19 May, 2022

Agriculture: leader in autonomous mobility?

26 September, 2017

Robots are becoming uncaged, mobile, collaborative and increasingly intelligent and dexterous, moving beyond their traditional strongholds to bring automation to previously inaccessible tasks. Agriculture is also no exception and is being quietly transformed by this rising new robotics. In this article, IDTechEx considers the evolution and the long-term impact of autonomous mobility in farm vehicles.

In IDTechEx’s report, ‘Agricultural Robots and Drones 2017-2027: Technologies, Markets, Players’, more details are provided on how progress and innovation in robotics is changing agriculture. The report provides granular 10-year segmented market forecasts for 14 categories; assess all the key technological components; and includes more than 20 interview-based full company profiles with detailed SWOT analysis. Also included are 40 company profiles without SWOT analysis and summarised coverage of the works of more than 80 companies/research groups.

Evolution towards full navigational autonomy

Agriculture is the leading adopter of autonomous driving technology despite all the hype around driverless cars. Real time kinematic GPS (RTK-GPS) forms the backbone of this outdoor navigational technology with its centimetre level positional accuracy. Here, first came tractor guidance, helping drivers drive more accurately and relieving some of the pressure of maintaining driving accuracy. Next came autosteer, giving the operator the ability to programme a map into the tractor and let it navigate autonomously.

In agriculture, more than 210k RTK GPS receivers were sold last year. IDTechEx projects that this number will rise to 335 thousand by 2023. Autosteer will be the fast-growing use case while other cases such as variable rate equipment will also see accelerated growth. This trend will be boosted as receiver prices continue to fall. The receiver technology is becoming increasingly commoditised. The uptake will also be helped by increased uptake in precision agriculture practices. The full ecosystem is finally coming together with more reliable variable rate equipment such as seeders and sprayers. IDTechEx projects that some 330 thousand VRT equipment will be sold in 2023, up from a mere 40 k or so in 2015.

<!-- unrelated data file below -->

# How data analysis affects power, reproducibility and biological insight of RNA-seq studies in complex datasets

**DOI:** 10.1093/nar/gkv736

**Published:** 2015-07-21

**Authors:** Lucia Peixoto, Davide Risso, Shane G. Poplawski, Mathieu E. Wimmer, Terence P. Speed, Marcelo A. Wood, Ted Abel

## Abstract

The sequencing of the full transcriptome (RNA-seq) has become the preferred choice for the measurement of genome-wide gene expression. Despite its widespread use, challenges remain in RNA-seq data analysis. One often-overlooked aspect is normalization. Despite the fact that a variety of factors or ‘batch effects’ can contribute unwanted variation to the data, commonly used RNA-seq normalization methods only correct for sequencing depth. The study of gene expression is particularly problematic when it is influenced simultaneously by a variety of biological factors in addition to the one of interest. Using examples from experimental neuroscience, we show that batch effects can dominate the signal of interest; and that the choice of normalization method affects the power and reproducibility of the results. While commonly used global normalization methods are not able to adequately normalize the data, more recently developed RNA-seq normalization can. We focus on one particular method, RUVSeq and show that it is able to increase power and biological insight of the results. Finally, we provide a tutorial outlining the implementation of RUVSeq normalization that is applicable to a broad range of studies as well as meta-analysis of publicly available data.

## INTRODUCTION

Technology is now evolving towards full autonomy. Master-and-slave (or follow-me) systems are being trialled, enabling one driver to guide a fleet, thus boosting the driver’s productivity. Next will come manned yet fully autonomous tractors (level 5). This has already been technologically demonstrated. Here, the vehicle’s sensing suite has to be expanded to enable it to avoid collision and operate even when the GPS signal is lost.

The next stage will potentially be unmanned autonomous tractors. In fact, this year, we saw the first public demonstrators for such vehicles. Currently, however, the farmers want to stay in charge, thus the cab is likely to be kept in the design. In the long term, however, the meaning of staying in charge will change, transiting from driving the vehicle to, for example, remote fleet operation/management.